I do not like to recall what happened next.
We had skewered the whale. I had landed the first blow, but it was Malcolm’s right to finish the whale. He screamed at me to move, to cede my place at the bow of the whaleboat to him. I could not move.
I could not even breathe.
Perhaps, given a moment, I would have recovered my senses and done as Malcolm ordered. I was not given such a moment. Seizing my shoulder with such force his nails cut my flesh, he thrust me aside and behind him. I could not help my scream as I unbalanced and then, to my own disbelief, pitched over the gunwale.
You do not understand the fear of drowning until you have been at sea. Many sailors do not learn how to swim, because they know once the water closes over them that there is no escape from the pull of the abyss. And I had just seen the specter of my own corpse vanish beneath the waves.
For the briefest moment, my head was underwater. There was no sound but the swirling. Seawater stung my nostrils and blinded me. My death was to be right this moment, I was sure. Panic eclipsed my every conscious thought.
Most fortunately, the other men in the whaleboat had quicker reflexes than I. Someone seized the collar of my shirt and hauled me back over the gunwale to safety. I tried in vain to regain my senses, but I was, from that moment until the end of the hunt, utterly useless, a deadweight in the whaleboat as the hunt happened in a vague blur beyond my senses.
The first sensation to break through my numbness was profound shame at my weakness. The next was Hamish’s hand closing around my wrist to haul me back aboard the Drum. I did not realize how violently I was trembling until my limbs were spasming against the confines of his tight embrace. His hand cupped the back of my head, drawing me to his chest.
“It’s done,” he murmured, heedless of the sailors swarming around us to attend to the kill. “It’s done, laddie. It’s over. Calm yourself, now.”
I took a deep and shuddering breath. I was alive, after all. My heartbeat began to slow its frenetic tempo.
Then Malcolm Madigan tore me from Hamish’s arms and threw me hard against the deck, where he stood over me with such white, livid rage on his face that his cheeks took the color of frozen wax, his lips trembling, coated with spittle and salt. His eyes near burst from their sockets in their fixation upon me.
Such a countenance upon a man is a promise of sharp and merciless punishment. It was not a look that was unfamiliar to me. I could anticipate my bones snapping in his white-knuckled grip, even as I could not understand exactly why he was so furious with me. Because I had not moved out of the way fast enough? Because of my liability to the men?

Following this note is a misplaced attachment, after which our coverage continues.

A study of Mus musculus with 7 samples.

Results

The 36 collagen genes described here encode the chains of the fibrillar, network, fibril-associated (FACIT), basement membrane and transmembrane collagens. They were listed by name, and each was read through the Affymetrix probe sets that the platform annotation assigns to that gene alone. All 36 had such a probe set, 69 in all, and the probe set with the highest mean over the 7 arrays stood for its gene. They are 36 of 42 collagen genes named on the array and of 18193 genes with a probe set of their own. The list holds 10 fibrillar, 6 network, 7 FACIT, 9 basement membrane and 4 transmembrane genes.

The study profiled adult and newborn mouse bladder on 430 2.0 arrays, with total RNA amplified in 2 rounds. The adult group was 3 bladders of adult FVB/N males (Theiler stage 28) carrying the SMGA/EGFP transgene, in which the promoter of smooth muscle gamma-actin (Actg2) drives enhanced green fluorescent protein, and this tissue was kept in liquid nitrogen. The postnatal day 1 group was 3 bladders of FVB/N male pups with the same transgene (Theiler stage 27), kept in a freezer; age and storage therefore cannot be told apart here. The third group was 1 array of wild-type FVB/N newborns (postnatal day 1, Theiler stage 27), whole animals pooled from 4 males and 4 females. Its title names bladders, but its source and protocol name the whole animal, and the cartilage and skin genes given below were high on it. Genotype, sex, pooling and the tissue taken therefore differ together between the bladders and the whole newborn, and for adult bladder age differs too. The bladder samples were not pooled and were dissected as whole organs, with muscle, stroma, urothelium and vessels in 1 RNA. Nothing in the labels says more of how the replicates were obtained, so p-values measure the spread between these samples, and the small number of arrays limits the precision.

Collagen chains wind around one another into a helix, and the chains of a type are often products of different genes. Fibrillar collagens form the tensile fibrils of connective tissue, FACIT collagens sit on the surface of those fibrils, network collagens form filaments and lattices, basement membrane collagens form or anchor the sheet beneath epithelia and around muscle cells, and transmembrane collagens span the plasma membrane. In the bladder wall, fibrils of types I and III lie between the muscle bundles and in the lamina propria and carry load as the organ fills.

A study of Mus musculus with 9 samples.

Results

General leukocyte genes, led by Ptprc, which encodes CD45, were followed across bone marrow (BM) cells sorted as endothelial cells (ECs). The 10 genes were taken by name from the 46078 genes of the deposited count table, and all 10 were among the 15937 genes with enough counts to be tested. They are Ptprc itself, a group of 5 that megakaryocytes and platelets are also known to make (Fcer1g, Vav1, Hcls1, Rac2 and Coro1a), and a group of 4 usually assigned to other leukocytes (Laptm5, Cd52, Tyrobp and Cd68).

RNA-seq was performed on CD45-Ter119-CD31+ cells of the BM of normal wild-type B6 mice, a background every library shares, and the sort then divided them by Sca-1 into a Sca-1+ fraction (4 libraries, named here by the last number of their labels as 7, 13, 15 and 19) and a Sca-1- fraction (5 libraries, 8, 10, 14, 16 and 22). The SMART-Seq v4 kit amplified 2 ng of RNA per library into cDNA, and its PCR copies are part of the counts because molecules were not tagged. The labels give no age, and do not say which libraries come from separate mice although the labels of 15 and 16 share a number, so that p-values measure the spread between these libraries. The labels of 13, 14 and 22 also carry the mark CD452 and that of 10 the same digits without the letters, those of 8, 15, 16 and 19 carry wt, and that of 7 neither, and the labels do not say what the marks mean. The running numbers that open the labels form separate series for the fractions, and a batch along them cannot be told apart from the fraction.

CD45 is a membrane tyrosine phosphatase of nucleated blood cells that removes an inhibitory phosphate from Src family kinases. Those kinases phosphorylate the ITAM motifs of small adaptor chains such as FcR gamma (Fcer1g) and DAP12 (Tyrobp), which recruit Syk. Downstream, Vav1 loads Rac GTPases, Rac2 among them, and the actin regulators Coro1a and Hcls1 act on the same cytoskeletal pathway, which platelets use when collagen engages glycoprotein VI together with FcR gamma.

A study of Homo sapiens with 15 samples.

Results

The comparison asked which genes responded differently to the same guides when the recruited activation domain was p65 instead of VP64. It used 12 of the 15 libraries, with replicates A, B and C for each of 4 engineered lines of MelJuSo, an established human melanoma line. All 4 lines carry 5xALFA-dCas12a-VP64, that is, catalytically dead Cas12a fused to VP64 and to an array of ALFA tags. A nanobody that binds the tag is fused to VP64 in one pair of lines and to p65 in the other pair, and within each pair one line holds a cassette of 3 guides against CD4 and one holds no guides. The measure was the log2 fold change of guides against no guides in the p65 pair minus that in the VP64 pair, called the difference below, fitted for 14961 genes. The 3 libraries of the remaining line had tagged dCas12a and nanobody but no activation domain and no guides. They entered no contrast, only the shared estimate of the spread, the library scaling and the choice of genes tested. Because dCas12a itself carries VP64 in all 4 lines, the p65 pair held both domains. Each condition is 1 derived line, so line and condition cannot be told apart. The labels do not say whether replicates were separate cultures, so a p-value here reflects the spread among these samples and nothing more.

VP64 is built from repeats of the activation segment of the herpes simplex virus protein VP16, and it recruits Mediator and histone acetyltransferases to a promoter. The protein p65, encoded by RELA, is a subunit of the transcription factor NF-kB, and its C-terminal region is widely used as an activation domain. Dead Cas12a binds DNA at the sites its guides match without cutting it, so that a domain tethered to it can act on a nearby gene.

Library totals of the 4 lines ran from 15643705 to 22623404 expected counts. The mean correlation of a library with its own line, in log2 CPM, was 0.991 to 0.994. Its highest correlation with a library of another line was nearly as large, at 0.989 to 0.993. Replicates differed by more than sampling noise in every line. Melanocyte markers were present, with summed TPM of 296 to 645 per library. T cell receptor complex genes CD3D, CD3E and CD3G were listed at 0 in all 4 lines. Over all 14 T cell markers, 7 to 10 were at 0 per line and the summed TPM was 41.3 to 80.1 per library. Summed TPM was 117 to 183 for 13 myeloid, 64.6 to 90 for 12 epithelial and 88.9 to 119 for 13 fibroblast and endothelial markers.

Because I had not had the good sense to die when it was convenient for him.
In that moment I did not know why Malcolm hated me so completely, only that his hatred was a physical weight. I know now, of course, that such vivid loathing is only a product, a pure distillation, of terror. But lying at his feet upon the deck, stunned by my fall and the aftermath of the hunt, I could only think of the rumored fate of the last ship’s boy, and of what Malcolm was said to do to rats in the hold when no one was watching.
Hamish stepped in front of me, saying something to Malcolm that I could not understand in my catatonic haze, and extended a hand to him.
I did, then, hear the snapping of bone. It was not my wrist crumpling in Malcom’s grip, but Hamish’s hand. The old Scotsman sank slowly to the deck, his dark, weathered face contorted in pain, as Malcolm crushed his fingers.
“Take his punishment, then,” I heard Malcolm whisper. “I always knew you would. I know all about your filthy urges. I know you’ll give it back to him later, too, won’t you?”
My greatest fear up to that point had been the crew discovering that I had not always lived as a boy. But a more profound terror welled up in me at the implication of Malcolm’s words: the fear that things were not as I thought they were. And I could see, from the looks the sailors cast us, that Malcolm was not the only man here under the impression that my relationship to Hamish was an unnatural one.
Malcolm Madigan did not whip me naked on the deck. He did not need to, for he had struck at something deeper. Hamish turned to ask me if I was all right - me, when he was cradling his own ruined hand to his chest! - and laid his good hand on my shoulder.
I could not help it. I recoiled from him. Hamish’s expression did not change, but he let go at once, and I thought I sensed something of disappointment in the light of his beetle-black eyes. Something almost like grief.
I have never felt more wretched and alone than I did that night.